By Getsy Tiglao
The unparliamentary brawl in the Senate between Senators Richard Gordon and Antonio Trillanes, only the latest in the endless drama being witnessed in the upper house, gives the people another reason to root for a shift to a parliamentary system with a single legislative body.
Gordon and Trillanes were fighting over whether or not to call the President’s son and son-in-law to the Blue Ribbon Committee hearing. Heated words were exchanged, threats of expulsion made, and taxpayers’ money was wasted. It’s absurd really. But this is the Philippine Senate, where everyone is auditioning to be the next president.
Meanwhile, the Philippines is struggling to play catch-up with its Asian neighbors who have all been enjoying the fruits of economic development and the stability that comes with their parliamentary form of government. We’re the only ones stuck in a colonial time warp, struggling with a flawed presidential system foisted on us by foreign subjugators.
Previous leaders of the country had tried to change to a parliamentary system, beginning with Marcos and then Ramos and Arroyo. But Filipinos weren’t ready then and mistrusted their leaders. It is only now under the immensely popular Duterte administration that the shift is finally happening.
If it were up to the Senate, there will be no major reforms that will be undertaken which will take time away from their favorite occupation, the committee hearings in aid of legislation. But why is it that we never hear of the important laws that are supposed to have been inspired by these hearings? All we are left with are the bitter taste of the bullying of witnesses and the senatorial infighting.
The Lower House, on the other hand, has been enjoying a renaissance of sorts with its newfound vigor and purpose. They don’t enjoy the same media attention bestowed on the senators but they are a hardworking lot led by House Speaker Pantaleon Alvarez who, in his no-nonsense manner, is quietly pushing through with President Rodrigo Duterte’s major reform initiatives.
After passing the difficult comprehensive tax reform program (still pending in the Senate), the House and its technical group are now working on the initial draft of the new federal-parliamentary constitution, in preparation for discussions next year in the joint Constituent Assembly. I had discussed in last week’s column the merits of federalism, which will see the creation of 11 Philippine federal states.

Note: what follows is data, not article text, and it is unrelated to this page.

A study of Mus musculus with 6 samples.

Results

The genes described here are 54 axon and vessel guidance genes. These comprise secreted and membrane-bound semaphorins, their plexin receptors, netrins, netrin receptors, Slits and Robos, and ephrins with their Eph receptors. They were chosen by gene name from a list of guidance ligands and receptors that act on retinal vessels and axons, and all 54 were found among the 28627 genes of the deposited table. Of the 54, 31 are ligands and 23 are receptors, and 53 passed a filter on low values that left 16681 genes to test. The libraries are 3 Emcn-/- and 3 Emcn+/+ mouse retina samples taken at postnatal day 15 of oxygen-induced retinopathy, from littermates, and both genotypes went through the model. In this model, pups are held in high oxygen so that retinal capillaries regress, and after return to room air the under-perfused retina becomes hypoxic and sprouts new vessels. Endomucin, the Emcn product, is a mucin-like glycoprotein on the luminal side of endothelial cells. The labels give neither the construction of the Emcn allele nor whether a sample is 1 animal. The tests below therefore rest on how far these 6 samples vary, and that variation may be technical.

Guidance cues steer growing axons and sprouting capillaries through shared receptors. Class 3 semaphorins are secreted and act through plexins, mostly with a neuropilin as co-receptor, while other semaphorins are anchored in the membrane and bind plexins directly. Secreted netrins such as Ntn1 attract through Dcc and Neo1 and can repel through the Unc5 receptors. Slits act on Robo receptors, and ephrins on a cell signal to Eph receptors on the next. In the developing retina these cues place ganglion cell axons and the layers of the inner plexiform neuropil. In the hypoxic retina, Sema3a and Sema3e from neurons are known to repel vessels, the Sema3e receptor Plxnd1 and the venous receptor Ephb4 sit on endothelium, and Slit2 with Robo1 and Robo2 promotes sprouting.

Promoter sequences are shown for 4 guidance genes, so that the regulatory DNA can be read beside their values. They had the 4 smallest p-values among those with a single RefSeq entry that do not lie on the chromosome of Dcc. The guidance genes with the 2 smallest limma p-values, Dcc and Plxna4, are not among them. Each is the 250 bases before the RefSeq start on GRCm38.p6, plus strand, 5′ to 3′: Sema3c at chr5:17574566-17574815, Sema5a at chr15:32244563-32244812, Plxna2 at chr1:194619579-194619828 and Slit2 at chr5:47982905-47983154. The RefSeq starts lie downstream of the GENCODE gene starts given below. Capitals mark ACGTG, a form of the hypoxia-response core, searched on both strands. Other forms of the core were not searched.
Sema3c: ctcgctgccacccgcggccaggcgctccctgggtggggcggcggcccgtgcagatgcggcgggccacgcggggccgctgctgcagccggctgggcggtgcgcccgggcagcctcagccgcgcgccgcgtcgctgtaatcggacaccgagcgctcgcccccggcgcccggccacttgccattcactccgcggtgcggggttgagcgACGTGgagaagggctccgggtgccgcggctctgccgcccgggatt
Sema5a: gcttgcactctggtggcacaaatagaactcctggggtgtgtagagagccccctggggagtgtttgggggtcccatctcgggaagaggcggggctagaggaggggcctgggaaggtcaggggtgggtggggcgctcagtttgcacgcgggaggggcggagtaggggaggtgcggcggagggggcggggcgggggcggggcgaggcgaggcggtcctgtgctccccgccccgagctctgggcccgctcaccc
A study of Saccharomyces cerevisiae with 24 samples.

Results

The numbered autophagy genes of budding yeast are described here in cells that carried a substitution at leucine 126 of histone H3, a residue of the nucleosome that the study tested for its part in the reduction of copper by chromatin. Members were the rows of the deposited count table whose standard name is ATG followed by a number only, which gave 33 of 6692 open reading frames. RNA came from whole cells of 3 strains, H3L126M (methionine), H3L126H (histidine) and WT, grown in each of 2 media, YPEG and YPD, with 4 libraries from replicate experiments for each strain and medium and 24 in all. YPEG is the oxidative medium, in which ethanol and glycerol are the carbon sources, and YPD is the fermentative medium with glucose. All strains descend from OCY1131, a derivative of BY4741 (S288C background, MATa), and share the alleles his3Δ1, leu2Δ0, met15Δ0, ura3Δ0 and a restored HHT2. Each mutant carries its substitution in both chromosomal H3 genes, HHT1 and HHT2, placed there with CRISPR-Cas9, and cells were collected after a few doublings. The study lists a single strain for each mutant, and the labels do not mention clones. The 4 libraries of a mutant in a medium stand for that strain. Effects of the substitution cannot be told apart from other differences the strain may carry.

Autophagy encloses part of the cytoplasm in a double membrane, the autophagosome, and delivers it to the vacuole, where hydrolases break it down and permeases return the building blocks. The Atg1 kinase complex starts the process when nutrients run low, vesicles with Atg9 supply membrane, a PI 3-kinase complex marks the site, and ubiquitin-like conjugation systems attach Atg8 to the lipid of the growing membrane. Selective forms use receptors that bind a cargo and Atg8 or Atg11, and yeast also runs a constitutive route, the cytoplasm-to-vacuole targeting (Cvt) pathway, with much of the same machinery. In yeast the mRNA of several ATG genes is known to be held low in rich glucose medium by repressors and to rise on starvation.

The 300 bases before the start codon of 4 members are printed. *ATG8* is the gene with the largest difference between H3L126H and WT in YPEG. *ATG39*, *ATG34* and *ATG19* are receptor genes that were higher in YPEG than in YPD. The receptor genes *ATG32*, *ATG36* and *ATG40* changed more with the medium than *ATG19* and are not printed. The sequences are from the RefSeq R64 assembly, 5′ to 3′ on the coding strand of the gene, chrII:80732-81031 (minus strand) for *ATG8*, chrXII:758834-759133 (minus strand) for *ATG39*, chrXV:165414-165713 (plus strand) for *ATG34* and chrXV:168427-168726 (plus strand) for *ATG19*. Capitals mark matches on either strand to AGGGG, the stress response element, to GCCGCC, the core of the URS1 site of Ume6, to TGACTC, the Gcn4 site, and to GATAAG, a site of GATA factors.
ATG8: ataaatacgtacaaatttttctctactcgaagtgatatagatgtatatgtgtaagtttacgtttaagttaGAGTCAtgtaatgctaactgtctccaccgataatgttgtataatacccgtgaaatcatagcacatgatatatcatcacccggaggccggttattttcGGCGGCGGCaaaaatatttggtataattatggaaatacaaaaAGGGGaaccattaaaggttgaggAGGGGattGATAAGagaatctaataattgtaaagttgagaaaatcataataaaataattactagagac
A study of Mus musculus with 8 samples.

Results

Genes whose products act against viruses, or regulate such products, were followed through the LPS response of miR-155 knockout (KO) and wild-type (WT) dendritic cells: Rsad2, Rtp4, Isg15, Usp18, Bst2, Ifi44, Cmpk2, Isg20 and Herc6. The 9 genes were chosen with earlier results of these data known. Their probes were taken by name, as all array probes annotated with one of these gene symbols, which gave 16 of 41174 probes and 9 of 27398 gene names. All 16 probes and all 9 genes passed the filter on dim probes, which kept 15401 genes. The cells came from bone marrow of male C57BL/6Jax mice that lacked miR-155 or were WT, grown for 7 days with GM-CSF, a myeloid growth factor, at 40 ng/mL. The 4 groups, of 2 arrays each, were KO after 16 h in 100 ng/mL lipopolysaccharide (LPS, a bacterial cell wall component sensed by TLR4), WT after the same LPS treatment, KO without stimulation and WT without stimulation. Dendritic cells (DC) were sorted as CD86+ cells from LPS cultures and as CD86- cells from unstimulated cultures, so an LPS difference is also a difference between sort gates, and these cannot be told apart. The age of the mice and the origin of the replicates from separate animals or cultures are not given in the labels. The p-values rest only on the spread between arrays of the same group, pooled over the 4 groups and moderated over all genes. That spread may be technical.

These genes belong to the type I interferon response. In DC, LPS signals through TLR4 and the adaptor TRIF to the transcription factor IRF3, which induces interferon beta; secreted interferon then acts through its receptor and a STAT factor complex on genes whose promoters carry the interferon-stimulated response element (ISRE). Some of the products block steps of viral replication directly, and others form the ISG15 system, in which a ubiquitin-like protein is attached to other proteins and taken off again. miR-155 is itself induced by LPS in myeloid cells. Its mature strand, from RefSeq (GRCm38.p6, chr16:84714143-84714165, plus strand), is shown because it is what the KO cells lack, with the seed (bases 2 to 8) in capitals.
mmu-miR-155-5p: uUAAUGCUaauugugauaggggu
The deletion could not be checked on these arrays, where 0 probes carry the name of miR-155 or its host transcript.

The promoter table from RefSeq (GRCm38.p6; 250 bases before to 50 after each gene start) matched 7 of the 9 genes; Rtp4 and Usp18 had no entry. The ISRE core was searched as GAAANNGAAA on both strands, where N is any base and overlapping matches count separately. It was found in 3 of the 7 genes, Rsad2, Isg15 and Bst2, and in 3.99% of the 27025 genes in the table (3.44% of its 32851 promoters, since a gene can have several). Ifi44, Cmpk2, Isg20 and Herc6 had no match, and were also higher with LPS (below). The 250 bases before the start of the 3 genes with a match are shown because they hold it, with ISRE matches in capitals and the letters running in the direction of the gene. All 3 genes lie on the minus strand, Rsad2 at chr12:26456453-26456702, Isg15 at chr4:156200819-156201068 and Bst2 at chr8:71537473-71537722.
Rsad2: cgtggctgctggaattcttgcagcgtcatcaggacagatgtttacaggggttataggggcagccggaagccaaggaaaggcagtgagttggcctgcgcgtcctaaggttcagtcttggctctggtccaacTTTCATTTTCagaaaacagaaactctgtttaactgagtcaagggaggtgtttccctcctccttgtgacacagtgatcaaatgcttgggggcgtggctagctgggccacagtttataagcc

A parliamentary system typically has only one legislative house. This means a faster, more efficient process of creating legislation. Our current system is too slow and ponderous. Debates in one house for a law is repeated in the other house. We will save a lot of money if one of these houses is eliminated.
The Philippine parliament as envisioned will be headed by a Prime Minister who will be chosen by his or her peers in the chamber. This means no extra elections that will use public funds. Also, if the people are unhappy with the Prime Minister, their representatives in parliament could easily remove the official through an in-house no-confidence vote.
Under the presidential system, the two houses of Congress are part and parcel of the idea of a “check and balance” in government. But in today’s polarized world, with politics often taking precedence over national interest, finding the balance is almost impossible. Even in a mature political environment such as the United States, major laws take time to pass, if at all, with partisanship mucking up reforms.
The growing consensus in the Duterte administration is to transition into a hybrid parliamentary system with a President who is head of state and the Prime Minister as head of government. Part of the plan is to give additional responsibilities to the President who will take charge of foreign affairs and national defense, as commander-in-chief of the Armed Forces of the Philippines.
The members of Cabinet will come from the ranks of Congress, an easy fusion of the executive and legislative. This should lead to a better understanding of what laws are really needed by the people as the legislators-department heads are exposed to the real world. The President, our equivalent of a working monarch, will still be chosen via general election.
A proposal gaining traction is the elimination of the post of vice president which has been deemed useless and redundant. The new line of succession will see the head of the unicameral body as a temporary president, in case of death or resignation, until a new election for a president can be called.
This brings us to the crucial question – should the Philippine version of a Parliament retain both the Senate and the House of Representatives? Some parliamentary countries do support two chambers. This is the initial idea because the lawmakers are not expected to support any change in the constitution if they are not allowed to retain their current positions.
But this is utterly selfish, and the lawmakers should think of their country first. A unicameral parliament is the best for the Philippines. We need a more stable form of government since the one we have is an easy target for obstructionists and destabilizers. The people are tired of the partisan politics and constant drama. It’s time for the lawmakers to stop these and do some real work for a change.